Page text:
Chris Sale Strikes Out 5 in What Could Be Final Rehab Start
Chris Sale struggled to calm himself down on Wednesday night in what was expected to be his last rehab start before he rejoins his teammates in Boston.
Now the Red Sox brass will have to decide whether to pump the brakes on their erstwhile ace's return.
Sale struck out five Triple-A batters before leaving when he walked in a run with two outs in the fourth inning - his fifth walk of the night - then said he was ready to reclaim his spot in the Boston rotation.
"I'm very ready," he said after throwing 72 pitches in 3 2/3 innings and allowing one run on three hits. "I know today was a little bit of a hiccup, but there's nothing that can't be ironed out."
Pitching for the Worcester Red Sox against the Scranton/Wilkes-Barre Railriders, a Yankees farm team, Sale failed to deliver a 1-2-3 inning, though he induced a double play to get out of the third.
He loaded the bases in the fourth on three hits - two of them infield singles. He struck out designated hitter Armando Alvarez for the second out with a 96 mph fastball that was his 65th pitch of the game.
That was supposed to be the limit for the 33-year-old left-hander, who broke a rib while working out on his own during the major league lockout. But when pitching coach Paul Abbott came out to talk to Sale, he left alone.
No. 9 hitter David Freitas worked the count to 3-2 and then took a pitch that was close enough for the sold-out crowd to cheer in anticipation of a strikeout. But plate umpire Sam Burch remained silent, the runner trotted in from third to tie the game 1-1, and Sale punched the air in frustration.
Manager Chad Tracy headed to the mound, and Sale departed to a standing ovation from the crowd of 8,891. As he walked off, he waved his glove at Burch in a friendly manner.
"I'm a pitcher. I think they're all strikes," Sale told more than two dozen reporters in a mid-game news conference in the home clubhouse weight room. "It was probably down. Honestly, I didn't even look at it."
Sale did not register a decision in the game, which the Railriders won 4-2. The seven-time All-Star gave his performance a raspberry and called it "not good" but said his struggle with command was "a blip on the radar."
"I mean, I walked five guys. I've gone months without walking five guys," Sale said. "That just tells me it right there that nothing's wrong. It's just I got some things I have to clean up."
Sale, whose first pitch was clocked at 97 mph, said his problem was "it was almost too good."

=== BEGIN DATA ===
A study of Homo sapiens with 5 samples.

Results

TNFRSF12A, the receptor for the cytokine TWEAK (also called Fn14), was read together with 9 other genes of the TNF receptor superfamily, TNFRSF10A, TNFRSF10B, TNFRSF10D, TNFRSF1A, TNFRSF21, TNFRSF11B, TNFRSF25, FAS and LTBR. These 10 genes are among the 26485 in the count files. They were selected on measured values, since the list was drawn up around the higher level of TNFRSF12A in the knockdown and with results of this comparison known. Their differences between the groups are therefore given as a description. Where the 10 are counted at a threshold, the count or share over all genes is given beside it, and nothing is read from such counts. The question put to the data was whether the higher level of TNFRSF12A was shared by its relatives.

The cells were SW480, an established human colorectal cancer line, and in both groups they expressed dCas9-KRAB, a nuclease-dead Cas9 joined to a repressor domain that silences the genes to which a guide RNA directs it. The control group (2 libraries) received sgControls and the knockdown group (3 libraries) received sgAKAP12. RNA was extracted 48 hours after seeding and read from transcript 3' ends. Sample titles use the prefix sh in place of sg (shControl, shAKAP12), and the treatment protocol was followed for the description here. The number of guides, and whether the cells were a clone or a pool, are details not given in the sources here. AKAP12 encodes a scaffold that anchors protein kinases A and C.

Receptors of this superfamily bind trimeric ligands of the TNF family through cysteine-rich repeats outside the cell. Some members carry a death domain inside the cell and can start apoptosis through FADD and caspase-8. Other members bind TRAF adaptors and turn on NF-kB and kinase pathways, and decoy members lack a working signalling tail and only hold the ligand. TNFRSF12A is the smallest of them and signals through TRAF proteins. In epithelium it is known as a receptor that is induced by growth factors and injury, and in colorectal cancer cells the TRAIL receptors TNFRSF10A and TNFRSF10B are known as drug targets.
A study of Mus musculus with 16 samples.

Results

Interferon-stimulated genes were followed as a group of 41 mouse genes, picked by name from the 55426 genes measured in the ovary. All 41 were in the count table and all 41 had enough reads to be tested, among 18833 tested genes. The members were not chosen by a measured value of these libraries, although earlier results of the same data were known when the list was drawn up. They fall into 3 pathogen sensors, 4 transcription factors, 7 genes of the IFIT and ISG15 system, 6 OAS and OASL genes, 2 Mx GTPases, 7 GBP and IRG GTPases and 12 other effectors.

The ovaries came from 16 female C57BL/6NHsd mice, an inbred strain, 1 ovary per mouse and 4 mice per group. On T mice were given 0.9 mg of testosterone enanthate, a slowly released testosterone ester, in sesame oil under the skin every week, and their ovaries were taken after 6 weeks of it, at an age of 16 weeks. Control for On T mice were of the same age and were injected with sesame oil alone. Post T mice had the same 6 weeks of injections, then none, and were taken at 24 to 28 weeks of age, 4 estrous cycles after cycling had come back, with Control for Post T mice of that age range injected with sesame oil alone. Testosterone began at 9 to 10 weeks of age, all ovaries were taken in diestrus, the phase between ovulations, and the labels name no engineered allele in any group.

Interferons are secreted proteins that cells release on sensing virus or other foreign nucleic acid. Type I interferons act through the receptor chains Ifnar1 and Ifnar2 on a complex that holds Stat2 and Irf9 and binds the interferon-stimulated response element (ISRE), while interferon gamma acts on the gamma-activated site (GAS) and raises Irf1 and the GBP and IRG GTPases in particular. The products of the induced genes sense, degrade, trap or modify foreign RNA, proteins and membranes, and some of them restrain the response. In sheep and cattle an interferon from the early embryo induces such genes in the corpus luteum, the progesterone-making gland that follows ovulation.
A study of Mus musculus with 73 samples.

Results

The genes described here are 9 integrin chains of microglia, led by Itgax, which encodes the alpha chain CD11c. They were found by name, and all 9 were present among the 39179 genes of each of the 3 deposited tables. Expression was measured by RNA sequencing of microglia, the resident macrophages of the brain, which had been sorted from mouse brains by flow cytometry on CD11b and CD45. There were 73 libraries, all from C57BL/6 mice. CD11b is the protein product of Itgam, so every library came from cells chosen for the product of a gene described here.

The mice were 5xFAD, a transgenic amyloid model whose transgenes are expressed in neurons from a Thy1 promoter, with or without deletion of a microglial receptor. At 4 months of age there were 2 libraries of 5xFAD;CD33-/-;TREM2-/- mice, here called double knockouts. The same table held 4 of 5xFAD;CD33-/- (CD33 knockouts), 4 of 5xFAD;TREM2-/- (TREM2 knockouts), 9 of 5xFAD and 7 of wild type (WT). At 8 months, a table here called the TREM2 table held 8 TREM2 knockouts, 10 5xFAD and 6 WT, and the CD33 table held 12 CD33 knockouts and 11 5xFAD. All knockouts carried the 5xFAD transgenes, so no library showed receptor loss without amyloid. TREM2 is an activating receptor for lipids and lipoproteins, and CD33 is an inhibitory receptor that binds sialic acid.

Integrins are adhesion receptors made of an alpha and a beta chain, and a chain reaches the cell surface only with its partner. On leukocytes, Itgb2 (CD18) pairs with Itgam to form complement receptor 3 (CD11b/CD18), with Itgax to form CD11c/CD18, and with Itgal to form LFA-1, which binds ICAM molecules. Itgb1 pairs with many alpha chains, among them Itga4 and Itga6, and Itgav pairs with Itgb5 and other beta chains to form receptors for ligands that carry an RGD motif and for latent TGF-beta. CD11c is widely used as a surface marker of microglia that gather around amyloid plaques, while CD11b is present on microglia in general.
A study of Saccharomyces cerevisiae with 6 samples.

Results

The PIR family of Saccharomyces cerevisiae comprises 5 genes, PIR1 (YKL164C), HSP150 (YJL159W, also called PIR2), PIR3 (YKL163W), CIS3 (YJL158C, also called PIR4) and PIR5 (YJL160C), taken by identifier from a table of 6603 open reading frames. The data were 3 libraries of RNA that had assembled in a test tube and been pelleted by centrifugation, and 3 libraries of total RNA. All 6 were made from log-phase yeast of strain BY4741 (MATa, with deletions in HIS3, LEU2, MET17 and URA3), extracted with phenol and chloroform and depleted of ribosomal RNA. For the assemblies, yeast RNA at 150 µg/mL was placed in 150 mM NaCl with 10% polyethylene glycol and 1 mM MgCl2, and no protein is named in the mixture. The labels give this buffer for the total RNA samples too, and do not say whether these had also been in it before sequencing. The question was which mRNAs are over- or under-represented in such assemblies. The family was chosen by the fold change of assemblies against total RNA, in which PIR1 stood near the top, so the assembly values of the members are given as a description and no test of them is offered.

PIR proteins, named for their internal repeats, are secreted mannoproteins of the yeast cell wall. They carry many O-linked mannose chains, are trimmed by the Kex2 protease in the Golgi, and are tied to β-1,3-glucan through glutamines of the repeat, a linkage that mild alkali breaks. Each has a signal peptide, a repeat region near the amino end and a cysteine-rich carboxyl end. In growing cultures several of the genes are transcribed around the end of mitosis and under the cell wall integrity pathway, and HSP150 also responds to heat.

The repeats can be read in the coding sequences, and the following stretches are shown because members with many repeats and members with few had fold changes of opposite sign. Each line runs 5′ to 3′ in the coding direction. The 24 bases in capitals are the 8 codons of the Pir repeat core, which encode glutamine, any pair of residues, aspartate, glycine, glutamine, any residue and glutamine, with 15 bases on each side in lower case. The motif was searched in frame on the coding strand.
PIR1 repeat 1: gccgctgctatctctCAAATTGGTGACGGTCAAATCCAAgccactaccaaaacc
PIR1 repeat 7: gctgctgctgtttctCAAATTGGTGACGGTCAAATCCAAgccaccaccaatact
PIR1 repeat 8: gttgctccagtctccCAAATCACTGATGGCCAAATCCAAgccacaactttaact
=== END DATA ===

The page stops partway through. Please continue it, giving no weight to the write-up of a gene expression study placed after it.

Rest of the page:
"I was just battling myself today," he said. "The stuff was there. I just had to corral it, and couldn't."
Sale could return to the Red Sox as soon next week against AL East rival Tampa Bay, which would give him a chance to make one more start against the New York Yankees before the All-Star break.
"This was all for me to get back up to the big leagues and start doing my job and pulling my weight and trying to win a championship," said Sale, who treated his teammates to a Hibachi lunch and a steak dinner on Wednesday. "This is all great, but that's the big picture and I need to get back there."
Tracy said it was "completely and utterly out of my hands" what happens next.
"He came out of it healthy and felt really good, which is the most important thing in situations like this," he said. "He was probably a little amped up ... but the stuff looked great. He felt great. To me, with a guy like that, it's a successful day."
Sale has thrown just 42 2/3 innings for the Red Sox since the end of the 2019 season. He missed all of 2020 recovering from Tommy John surgery, then went 5-1 with a 3.16 ERA last year.
He said working his way back from this injury was much different than the previous one. Since reporting to spring training late, he hasn't felt any pain in his ribcage at all, Sale said.
"I know today wasn't great. But comparing this to last year, you're in a completely different spot," he said. "Just more confidence in myself and my ability, coming back from a major arm surgery last year, a lot of question marks still.
"This year's more just sharpening the sword, not rebuilding it."